What is Subchapter S Tax Status?

Subchapter SEntrepreneurs aim to minimize tax obligations when it comes to IRS taxation. Decades ago, entrepreneurs had very few options when it came to how the entities were taxed by the IRS. The traditional C Corporation posed challenges with double taxation, where profits were taxed at the corporate level and then again at the individual level when distributed as dividends. On the other hand, sole proprietorship and partnership structures lacked asset protection, leaving personal assets vulnerable to business liabilities. In 1958, the Treasury Department introduced the "S Corp" or Subchapter S tax status as a solution. The S Corp provides a unique tax structure that allows business owners to enjoy the benefits of limited liability while avoiding double taxation. This tax status has since become a popular choice for small businesses and startups looking for a tax-efficient and flexible business structure.

Tax Benefits of Subchapter S Status

Once a business has successfully elected Subchapter S status, it becomes a pass-through entity for tax purposes. This means that the profits and losses of the business are passed through to its shareholders or members, who then report them on their personal tax returns. As a result, the business itself does not pay federal income tax, which can lead to significant tax savings for both the business and its owners.

Through Subchapter S status, small businesses can avoid the burden of double taxation that typically plagues C corporations. This advantageous classification enables them to retain a larger portion of their earnings, which can then be reinvested back into the company. The additional capital obtained can be leveraged to fuel growth, expand the workforce, or even allocate resources towards innovative technologies and updated equipment.

The pass-through nature of Subchapter S status provides flexibility in the distribution of profits to the shareholders or members. Unlike C corporations, where dividends are subject to double taxation, shareholders or members of an S corporation can receive distributions in a tax-efficient manner. This can be particularly advantageous for business owners who rely on business income as their primary source of personal financial support.

Obtaining Subchapter S status can be a strategic tax planning move to consider for eligible businesses, offering significant benefits potentially.

How to Elect Subchapter S Status

To elect Subchapter S status, a business must file Form 2553 with the IRS. For new companies, this means filing within two months and 15 days of its formation. For existing companies, the form must be filed before the 15th day of the third month of the tax year in which the election will take effect. For example, if an existing business wants Subchapter S status for the 2024 tax year, the form must be filed by March 15, 2024. Informing the Delaware Division of Corporations about the election of Subchapter S tax status is not a requirement. This election solely concerns the company and the IRS in terms of taxation.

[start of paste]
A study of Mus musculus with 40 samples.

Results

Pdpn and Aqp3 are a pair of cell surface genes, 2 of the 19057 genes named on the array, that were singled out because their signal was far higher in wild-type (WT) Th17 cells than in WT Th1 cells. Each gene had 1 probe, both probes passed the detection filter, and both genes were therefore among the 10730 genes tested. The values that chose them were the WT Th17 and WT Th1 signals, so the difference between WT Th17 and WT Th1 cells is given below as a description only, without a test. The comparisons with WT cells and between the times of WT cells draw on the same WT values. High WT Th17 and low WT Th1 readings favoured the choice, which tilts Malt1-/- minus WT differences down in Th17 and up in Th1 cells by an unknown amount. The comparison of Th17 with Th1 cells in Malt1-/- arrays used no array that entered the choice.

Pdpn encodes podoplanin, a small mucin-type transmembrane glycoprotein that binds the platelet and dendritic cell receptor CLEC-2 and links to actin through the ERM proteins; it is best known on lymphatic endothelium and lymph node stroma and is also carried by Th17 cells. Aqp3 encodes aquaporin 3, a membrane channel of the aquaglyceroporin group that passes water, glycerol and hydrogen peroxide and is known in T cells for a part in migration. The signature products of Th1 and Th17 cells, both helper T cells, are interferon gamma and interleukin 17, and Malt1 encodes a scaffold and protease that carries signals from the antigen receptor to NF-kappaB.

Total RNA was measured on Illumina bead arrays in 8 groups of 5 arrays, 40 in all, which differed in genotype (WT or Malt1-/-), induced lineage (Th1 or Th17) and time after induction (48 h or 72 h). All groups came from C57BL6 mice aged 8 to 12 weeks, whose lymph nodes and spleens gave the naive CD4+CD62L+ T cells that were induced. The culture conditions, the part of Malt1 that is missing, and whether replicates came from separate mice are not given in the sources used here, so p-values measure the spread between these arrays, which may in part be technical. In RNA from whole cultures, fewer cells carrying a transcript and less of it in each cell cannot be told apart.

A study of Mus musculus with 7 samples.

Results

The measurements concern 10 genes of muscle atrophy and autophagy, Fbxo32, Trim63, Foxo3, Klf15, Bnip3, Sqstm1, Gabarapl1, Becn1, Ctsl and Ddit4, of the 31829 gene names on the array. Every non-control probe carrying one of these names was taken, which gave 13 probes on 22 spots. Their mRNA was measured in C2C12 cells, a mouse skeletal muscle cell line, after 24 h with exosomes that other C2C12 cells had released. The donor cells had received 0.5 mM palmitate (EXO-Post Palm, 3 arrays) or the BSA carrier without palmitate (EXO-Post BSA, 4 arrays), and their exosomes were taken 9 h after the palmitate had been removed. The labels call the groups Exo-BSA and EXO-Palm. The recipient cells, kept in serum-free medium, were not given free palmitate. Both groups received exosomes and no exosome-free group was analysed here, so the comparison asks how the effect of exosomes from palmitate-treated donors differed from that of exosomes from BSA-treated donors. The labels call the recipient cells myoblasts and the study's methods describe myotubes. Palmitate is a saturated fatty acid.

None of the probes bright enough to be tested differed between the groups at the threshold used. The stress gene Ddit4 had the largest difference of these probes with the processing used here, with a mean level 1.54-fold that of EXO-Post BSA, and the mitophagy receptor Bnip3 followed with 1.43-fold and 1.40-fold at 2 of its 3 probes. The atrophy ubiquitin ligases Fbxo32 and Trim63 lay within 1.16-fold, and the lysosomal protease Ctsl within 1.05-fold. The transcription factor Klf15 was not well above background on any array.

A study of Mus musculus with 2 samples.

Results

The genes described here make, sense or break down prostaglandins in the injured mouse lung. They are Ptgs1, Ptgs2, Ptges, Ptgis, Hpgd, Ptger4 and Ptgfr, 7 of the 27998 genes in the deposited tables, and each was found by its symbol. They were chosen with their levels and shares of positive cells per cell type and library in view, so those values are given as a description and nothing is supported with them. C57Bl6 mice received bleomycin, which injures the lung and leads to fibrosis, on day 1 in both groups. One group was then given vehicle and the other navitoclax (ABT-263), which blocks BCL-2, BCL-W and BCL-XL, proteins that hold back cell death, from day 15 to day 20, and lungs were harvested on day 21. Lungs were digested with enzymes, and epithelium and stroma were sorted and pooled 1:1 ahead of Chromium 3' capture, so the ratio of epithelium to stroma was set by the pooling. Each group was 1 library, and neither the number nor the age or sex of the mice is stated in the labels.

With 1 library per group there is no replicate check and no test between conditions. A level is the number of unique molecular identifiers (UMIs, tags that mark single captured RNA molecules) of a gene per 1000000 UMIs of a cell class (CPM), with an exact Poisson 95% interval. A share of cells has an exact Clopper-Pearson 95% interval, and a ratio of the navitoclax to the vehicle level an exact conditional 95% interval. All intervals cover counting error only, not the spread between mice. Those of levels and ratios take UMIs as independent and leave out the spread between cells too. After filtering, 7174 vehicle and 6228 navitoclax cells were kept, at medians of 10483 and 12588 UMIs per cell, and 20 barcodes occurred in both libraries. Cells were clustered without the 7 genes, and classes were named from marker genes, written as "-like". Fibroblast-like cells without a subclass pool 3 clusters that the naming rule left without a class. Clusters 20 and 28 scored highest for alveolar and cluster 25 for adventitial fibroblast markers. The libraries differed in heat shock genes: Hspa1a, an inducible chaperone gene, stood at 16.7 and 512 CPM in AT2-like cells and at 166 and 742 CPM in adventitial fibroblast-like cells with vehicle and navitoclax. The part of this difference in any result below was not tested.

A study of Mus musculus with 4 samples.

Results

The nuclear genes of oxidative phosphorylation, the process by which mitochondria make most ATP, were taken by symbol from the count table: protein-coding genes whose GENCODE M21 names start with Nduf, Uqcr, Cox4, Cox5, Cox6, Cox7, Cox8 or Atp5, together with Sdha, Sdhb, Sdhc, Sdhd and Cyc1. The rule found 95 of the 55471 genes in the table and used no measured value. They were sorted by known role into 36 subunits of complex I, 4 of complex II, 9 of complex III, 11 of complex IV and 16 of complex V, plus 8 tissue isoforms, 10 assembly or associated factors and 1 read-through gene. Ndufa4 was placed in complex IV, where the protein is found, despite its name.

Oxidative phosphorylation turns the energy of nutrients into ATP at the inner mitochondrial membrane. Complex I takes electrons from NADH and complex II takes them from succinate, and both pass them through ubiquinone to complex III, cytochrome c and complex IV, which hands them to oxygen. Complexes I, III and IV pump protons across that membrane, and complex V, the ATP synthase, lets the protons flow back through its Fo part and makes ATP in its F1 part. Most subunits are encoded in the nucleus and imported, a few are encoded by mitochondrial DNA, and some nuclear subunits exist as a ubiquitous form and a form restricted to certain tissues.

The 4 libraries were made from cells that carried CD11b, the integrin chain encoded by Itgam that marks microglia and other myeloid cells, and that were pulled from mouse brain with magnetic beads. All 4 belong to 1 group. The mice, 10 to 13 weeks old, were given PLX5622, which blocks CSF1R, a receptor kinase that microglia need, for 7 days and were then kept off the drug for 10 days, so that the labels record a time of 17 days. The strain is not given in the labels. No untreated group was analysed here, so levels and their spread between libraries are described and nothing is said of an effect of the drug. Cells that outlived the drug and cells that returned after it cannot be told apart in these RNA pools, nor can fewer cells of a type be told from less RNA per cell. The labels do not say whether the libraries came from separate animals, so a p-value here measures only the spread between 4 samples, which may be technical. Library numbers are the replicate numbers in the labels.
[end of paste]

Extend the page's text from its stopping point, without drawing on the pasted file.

Restrictions on Electing Subchapter S Status

While the tax benefits of Subchapter S status are attractive, there are some restrictions that businesses must adhere to if they elect this status. Some of the main restrictions include:

  • The business must be a corporation or LLC formed in the US
  • The business can have no more than 100 shareholders
  • Shareholders must be individuals (US citizens or resident aliens), estates, or certain trusts and cannot be corporations or partnerships


If a Delaware corporation or LLC meets these requirements, it can file Form 2553 with the IRS to elect Subchapter S status.


In conclusion, Subchapter S status offers significant tax advantages for Delaware corporations or LLCs. However, there are restrictions that must be met in order to elect this status. Business owners should consult with a tax professional or attorney to ensure they meet all requirements and properly elect Subchapter S status with the IRS for their business. By taking the necessary steps, businesses can enjoy the tax benefits of Subchapter S and potentially increase their profits. Form your new Delaware LLC or Corporation now to take advantage of the Subchapter S tax status!!!


*Disclaimer*: Harvard Business Services, Inc. is neither a law firm nor an accounting firm and, even in cases where the author is an attorney, or a tax professional, nothing in this article constitutes legal or tax advice. This article provides general commentary on, and analysis of, the subject addressed. We strongly advise that you consult an attorney or tax professional to receive legal or tax guidance tailored to your specific circumstances. Any action taken or not taken based on this article is at your own risk. If an article cites or provides a link to third-party sources or websites, Harvard Business Services, Inc. is not responsible for and makes no representations regarding such source’s content or accuracy. Opinions expressed in this article do not necessarily reflect those of Harvard Business Services, Inc.